Ensuring Menstrual Hygiene for Girls in Schools
The Supreme Court of India has just directed the Union Government to devise a uniform policy to ensure menstrual hygiene for school children. The policy should ensure all government, government-aided and residential schools provide adolescent students with free sanitary napkins and access to a vending and disposal mechanism, a Supreme Court Bench has said. Schools should also be equipped with separate washrooms for girl students, it has also stressed.
Terming the issue as of “immense importance”, the bench of Chief Justice DY Chandrachud and Justices PS Narasimha and JB Pardiwala has appointed the Secretary of Ministry of Health and Family Welfare (MOHFW) as the nodal officer to coordinate with all the states and UTs and collect relevant data for formulating a national policy. The bench noted that MoHFW, Ministry of Education and Ministry of Jal Shakti have schemes running on the issue of menstrual hygiene.
“At the present stage, we are of the considered view that Centre should engage with all the stakeholders for implementation of the uniform national policy with a leeway for the states and UTs to modify the scheme as per their local needs,” the Apex Court said.
The bench said keeping in mind the implementation of the scheme, all the states and UTs are directed to submit their menstrual hygiene management strategies and plans which are being executed either with the help of funds provided by central government or their own, to the Mission Steering Group (MSG) of the National Health Mission (NHM). It said the mission steering group can re-evaluate the national guidelines based on experiential learning of the last 10 plus years.
The bench said, “All states and UTs are directed to notify the appropriate ratio of girls’ toilets for residential and non-residential schools in their respective territories”. It added that all the states and UTs are directed to make provision for ensuring availability of quality low-cost sanitary pads, vending machines in schools.
“All states and UTs are further directed to ensure that disposal mechanisms are available for schools/school complexes having girls’ enrolment in upper-primary/ secondary/higher secondary classes for safe disposal of sanitary pads.” it said.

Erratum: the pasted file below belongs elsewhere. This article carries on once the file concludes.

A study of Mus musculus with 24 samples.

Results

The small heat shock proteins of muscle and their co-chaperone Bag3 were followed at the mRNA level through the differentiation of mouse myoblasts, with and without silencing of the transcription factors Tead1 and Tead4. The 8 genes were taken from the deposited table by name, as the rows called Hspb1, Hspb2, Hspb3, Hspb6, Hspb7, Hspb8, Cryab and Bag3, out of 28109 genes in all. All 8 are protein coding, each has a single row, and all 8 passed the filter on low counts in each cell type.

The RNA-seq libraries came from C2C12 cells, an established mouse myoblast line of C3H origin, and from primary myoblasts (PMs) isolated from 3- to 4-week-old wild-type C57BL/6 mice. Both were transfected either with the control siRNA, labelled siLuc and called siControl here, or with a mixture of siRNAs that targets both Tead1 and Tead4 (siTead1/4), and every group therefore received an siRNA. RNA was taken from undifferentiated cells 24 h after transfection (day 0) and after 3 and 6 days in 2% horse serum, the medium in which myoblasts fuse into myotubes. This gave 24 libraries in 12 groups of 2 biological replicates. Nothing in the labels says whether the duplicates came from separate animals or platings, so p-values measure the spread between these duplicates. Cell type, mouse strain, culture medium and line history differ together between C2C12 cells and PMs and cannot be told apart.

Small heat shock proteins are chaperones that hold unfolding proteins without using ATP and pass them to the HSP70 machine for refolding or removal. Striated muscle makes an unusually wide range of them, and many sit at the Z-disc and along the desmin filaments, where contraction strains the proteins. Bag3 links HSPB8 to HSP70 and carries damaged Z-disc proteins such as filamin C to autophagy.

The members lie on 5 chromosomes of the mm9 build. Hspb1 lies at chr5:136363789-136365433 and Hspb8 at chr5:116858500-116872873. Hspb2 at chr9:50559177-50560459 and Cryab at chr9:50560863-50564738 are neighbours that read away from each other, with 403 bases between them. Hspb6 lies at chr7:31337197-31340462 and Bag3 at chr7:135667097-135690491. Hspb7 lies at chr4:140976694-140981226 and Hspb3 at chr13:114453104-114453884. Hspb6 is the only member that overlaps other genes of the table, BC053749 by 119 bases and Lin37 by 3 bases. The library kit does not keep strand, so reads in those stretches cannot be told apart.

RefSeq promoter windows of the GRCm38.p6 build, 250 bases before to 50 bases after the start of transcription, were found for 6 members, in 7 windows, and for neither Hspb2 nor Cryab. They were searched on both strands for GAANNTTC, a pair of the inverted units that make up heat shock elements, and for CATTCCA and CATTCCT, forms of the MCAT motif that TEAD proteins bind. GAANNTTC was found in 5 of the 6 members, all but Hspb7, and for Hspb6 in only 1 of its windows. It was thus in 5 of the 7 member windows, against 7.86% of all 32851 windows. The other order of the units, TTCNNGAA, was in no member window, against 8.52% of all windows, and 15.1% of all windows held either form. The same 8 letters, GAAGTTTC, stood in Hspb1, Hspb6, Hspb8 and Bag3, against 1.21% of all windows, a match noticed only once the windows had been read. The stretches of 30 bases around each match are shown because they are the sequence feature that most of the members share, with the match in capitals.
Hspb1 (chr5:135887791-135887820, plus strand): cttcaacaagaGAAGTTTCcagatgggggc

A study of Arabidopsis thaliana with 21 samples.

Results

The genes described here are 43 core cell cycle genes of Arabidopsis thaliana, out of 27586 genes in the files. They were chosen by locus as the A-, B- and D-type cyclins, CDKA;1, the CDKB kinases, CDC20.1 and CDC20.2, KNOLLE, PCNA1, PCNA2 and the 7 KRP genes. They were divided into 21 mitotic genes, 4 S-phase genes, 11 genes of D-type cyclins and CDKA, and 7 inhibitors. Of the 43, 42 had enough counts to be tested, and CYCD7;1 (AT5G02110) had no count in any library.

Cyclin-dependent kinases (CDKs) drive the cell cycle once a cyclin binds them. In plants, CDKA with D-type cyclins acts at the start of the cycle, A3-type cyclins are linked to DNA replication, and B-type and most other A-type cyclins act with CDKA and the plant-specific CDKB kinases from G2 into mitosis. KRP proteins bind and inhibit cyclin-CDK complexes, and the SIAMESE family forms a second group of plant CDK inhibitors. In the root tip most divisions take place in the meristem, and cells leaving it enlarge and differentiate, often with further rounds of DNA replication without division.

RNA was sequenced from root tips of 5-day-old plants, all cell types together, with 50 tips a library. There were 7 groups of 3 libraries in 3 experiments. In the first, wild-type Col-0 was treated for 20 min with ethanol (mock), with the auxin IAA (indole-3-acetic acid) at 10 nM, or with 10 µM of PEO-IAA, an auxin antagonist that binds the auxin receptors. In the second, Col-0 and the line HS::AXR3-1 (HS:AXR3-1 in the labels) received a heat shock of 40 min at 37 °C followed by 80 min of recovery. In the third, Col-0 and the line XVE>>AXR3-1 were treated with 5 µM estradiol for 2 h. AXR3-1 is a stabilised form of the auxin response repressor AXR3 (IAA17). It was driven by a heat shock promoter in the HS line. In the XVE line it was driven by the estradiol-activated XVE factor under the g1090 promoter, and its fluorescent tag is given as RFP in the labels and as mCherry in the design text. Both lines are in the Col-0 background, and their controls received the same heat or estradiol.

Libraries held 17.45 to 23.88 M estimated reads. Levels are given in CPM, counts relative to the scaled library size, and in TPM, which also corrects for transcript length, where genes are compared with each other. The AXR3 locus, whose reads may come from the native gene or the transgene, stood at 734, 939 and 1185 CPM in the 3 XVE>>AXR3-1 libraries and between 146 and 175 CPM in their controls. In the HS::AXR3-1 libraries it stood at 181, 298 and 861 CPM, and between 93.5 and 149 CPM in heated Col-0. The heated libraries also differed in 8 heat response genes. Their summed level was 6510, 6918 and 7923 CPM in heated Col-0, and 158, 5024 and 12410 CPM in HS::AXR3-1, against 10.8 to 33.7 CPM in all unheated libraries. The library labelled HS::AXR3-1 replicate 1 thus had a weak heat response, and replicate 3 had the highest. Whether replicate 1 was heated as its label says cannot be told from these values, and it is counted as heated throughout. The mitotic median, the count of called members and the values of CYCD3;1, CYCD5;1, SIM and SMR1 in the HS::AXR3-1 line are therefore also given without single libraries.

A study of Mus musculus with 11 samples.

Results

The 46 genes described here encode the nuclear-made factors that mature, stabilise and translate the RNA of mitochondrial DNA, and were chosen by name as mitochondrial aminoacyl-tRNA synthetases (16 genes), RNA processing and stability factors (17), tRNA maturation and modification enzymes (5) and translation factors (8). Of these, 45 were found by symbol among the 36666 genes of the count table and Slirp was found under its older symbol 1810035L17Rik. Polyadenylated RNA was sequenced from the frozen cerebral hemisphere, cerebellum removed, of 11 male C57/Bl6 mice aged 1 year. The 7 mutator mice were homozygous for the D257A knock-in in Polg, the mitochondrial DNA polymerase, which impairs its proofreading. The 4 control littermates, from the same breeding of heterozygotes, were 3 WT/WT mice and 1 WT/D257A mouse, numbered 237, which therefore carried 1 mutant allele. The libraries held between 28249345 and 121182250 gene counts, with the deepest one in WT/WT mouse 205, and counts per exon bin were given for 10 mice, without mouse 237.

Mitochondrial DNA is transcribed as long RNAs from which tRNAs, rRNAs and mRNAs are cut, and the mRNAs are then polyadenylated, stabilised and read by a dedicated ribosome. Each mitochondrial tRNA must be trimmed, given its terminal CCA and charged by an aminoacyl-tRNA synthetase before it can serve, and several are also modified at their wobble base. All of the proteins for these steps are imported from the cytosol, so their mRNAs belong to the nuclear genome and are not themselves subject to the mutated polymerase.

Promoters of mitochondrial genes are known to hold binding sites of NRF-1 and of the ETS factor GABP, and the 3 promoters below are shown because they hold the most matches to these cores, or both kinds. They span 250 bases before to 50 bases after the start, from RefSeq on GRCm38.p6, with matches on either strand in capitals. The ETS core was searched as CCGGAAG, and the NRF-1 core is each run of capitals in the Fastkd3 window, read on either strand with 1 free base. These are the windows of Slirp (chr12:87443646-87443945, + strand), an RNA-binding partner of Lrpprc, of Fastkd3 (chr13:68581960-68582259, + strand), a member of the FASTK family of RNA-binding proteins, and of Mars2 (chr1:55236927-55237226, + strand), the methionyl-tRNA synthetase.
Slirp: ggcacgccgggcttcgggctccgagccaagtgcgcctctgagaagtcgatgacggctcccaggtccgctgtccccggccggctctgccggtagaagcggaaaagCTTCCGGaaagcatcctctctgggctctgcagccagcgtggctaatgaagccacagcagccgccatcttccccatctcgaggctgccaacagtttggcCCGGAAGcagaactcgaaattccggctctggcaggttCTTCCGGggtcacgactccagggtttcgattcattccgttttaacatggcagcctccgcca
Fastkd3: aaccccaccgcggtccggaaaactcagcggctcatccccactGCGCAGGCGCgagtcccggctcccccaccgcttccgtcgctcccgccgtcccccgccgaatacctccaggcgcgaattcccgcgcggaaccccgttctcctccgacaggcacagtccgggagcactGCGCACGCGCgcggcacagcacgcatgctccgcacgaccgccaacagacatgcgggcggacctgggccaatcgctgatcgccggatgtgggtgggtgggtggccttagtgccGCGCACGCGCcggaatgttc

The bench directed the Centre to file an updated status report by the end of July, 2023.
Incidentally, Additional Solicitor General Aishwarya Bhati, appearing for the Central government, had pointed out that there are several guidelines and schemes of different ministries dedicated to improve access to menstrual hygiene for young and adolescent girls but the responsibility of providing health care services lies with the respective state governments as public health is a state subject.
Of course, it is a fact that many young school girls struggle with managing their menstruation days. Schools lack proper sanitation facilities and access to sanitary pads. This leads them to miss school several days every month, causing them to fall behind in their studies. The importance of menstrual hygiene for girls in schools cannot be overstated. It is crucial to ensure that girls succeed and achieve their dreams.
In a 2019 study, the World Health Organisation (WHO) discovered that almost half of the schools across the world did not have enough handwashing facilities. When considering the least developed countries, this percentage rose to 70 percent. Furthermore, the taboo and shame surrounding menstruation can affect girls’ self-esteem and confidence.
Schools play a crucial role in promoting menstrual health and hygiene among girls. Menstruation is a natural process that affects half of the world’s population, but there is still little awareness about it.
Schools can help break down the knowledge barriers by providing comprehensive menstrual education. Education that covers topics such as the menstrual cycle, hygiene practices, and menstrual product options. This can help girls understand their bodies better and promote better hygiene practices, such as using sanitary pads in India, which can reduce the risk of infections and other health complications.
In addition to education, schools can also provide access to menstrual products, including sanitary pads for schools. Special mention should be made of differently-abled girls in India who face barriers to accessing menstrual products. This can lead to missed school days and reduced academic performance. By providing sanitary pads for schools, schools can ensure that girls have access to essential menstrual products and do not miss school due to their menstruation.
Furthermore, schools can create safe and supportive environments for girls during menstruation. This can include the provision of private and hygienic restroom facilities, adequate disposal facilities for menstrual products, and access to clean water for washing hands and menstrual products. Schools can also train teachers and staff to be supportive of girls during their periods and create an environment where menstruation is normalised and not stigmatised.